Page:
Timbercreek seeks REITs with solid foundations

Some shopping malls will thrive but others won't survive, manager says.

Diana Cawfield 4 May, 2017 | 5:00PM

"It's the continuing thesis of recovering global growth around the world," says Russo. "We believe global REITs are poised to deliver 8.5% to 10.5% total returns in 2017. We expect strong performance across regions including Canada and the United States."

Overall, Timbercreek believes a rising interest-rate environment signals a brighter economic outlook, with more people working in office buildings, more household spending, and more income to be spent on travel and hotels.

Specializing in global real estate, Toronto-based Timbercreek actively manages more than $5.5 billion in assets. Its mandates include the closed-end Timbercreek Global Real Estate (TGF.UN/TSX) and an open-end mutual fund, Timbercreek Global Real Estate Income.

Employing a value-oriented discipline with an income bias, the firm mitigates risk by diversifying across more than 12 segments of the sector. These include shopping centres, offices, regional malls, industrial and residential.

Canadian REITs, which make up 13% of Timbercreek Global Real Estate Income, have "all been painted with the same brush," says Russo. "That interest rates are going up, oil prices are down, the overall economy is going to suffer, not a ton of growth." Though he rejects that bearish thesis, he believes some real-estate assets will fare much better than others.

In the retail sector, Timbercreek focuses on high-end shopping centres and areas where household incomes are above-average. "The super-regional malls, the Yorkdale Shopping Centres of the world," says Russo, "are getting stronger every day. The millennials, where you're seeing the future, are living in urban areas. They like the density and they are more focused on experience-oriented shopping."

This influential demographic group can go to the gym, shop, meet a friend for dinner and go to the movies in one convenient location. According to Russo, the management teams in these locations were smart enough to recognize the trends and spending patterns for the millennials.

In contrast, the middle-tier, suburban community malls won't survive, says Russo. He believes many retailers and department stores grew too quickly and expanded into these centres where the surrounding population and household income cannot support them.

Russo cites the likes of  Best Buy Co. Inc. (BBY), Sears Canada Inc. (SCC) and bookstores, which are facing stiff online competition. "Malls are dying and you don't want to be invested in them," he says, adding that he thinks mall retail spaces will become condominiums or golf courses in the next 10 to 20 years. Since the financial crisis, malls have been contracting "and online shopping is eating their lunch."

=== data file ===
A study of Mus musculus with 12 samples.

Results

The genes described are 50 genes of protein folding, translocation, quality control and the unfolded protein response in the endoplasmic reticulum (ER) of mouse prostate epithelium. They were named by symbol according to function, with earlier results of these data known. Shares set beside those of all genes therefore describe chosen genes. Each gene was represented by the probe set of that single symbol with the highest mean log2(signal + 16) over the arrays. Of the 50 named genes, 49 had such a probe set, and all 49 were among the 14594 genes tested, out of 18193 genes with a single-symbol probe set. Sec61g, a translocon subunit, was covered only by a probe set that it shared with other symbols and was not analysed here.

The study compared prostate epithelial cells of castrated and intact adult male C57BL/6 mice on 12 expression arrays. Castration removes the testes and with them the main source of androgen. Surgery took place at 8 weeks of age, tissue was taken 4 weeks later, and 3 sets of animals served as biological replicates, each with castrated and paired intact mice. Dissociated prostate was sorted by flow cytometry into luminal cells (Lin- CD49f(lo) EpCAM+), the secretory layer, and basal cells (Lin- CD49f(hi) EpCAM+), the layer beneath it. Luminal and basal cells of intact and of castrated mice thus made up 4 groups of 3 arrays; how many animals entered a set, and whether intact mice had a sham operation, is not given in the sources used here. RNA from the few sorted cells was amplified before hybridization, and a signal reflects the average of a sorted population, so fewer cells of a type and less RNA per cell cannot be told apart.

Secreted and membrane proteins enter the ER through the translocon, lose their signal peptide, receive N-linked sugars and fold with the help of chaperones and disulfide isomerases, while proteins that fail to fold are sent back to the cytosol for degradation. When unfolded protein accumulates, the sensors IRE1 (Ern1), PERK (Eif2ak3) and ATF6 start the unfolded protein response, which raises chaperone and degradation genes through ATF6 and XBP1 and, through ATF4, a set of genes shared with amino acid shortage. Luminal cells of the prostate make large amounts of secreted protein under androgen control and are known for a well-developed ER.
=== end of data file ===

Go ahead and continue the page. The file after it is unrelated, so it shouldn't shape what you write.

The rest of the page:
The third segment of the retail sector -- the grocery-anchored smaller convenience malls with perhaps a pharmacy, a dry cleaner and a hardware store -- are relatively sheltered, says Russo. "You're not doing these things online."

Another real-estate segment with a positive outlook, says Russo, is apartment buildings. Their asset values continue to be supported by immigration, limited new supply, steep prices for single-family homes and stricter mortgage rules.

Russo says the growing trend in online shopping has also created opportunities in the industrial segment. At the same time as fewer people are going to malls to view store inventories, goods to be purchased online are now being stored in industrial warehouses. One of Russo's holdings that is taking advantage of that trend is U.S.-based Stag Industrial Inc. (STAG), which owns warehouses and other industrial properties and leases them to business tenants.

The investment team continues to invest mostly in U.S. equities, which have a 44% weighting in Timbercreek Global Real Estate Income. In the global universe of publicly traded REITs, about 50% of the world's assets tend to be in the U.S.," says Russo. "Obviously, it is the biggest market, so that's where we're going to search for opportunities." As well, President Donald Trump's proposals to lower corporate and personal taxes and increase fiscal stimulus could stimulate economic growth in the U.S., Russo adds.

Helping to provide geographic diversification is the top holding, Dream Global REIT (DRG.UN), which is listed in Canada but has all of its assets in Germany. "There's good economic growth, great unemployment and relatively limited amounts of high-quality office space in the German market," says Russo, and that's exactly what Dream Global's portfolio is all about."

In terms of challenges, "there certainly are some headwinds out there," says Russo, "but I don't think they're specific to REITs. If there is some sea change in terms of tax tariffs coming from President Trump that could significantly impair global growth, that would worry me. The general view about interest rates and supply actually don't worry me that much. I think they're relatively in check. I think they're priced into the market at this point."


Security NamePriceChange (%)Morningstar Rating
Best Buy Co Inc68.56 USD1.41Rating
Stag Industrial Inc33.81 USD1.35

About Author

Diana Cawfield

Diana Cawfield  An award-winning writer who has been a regular Morningstar contributor since 2000, Diana's numerous publication credits include the Toronto StarAdvisor's Edge and Chatelaine, as well as the Canadian Securities Institute's online educational services.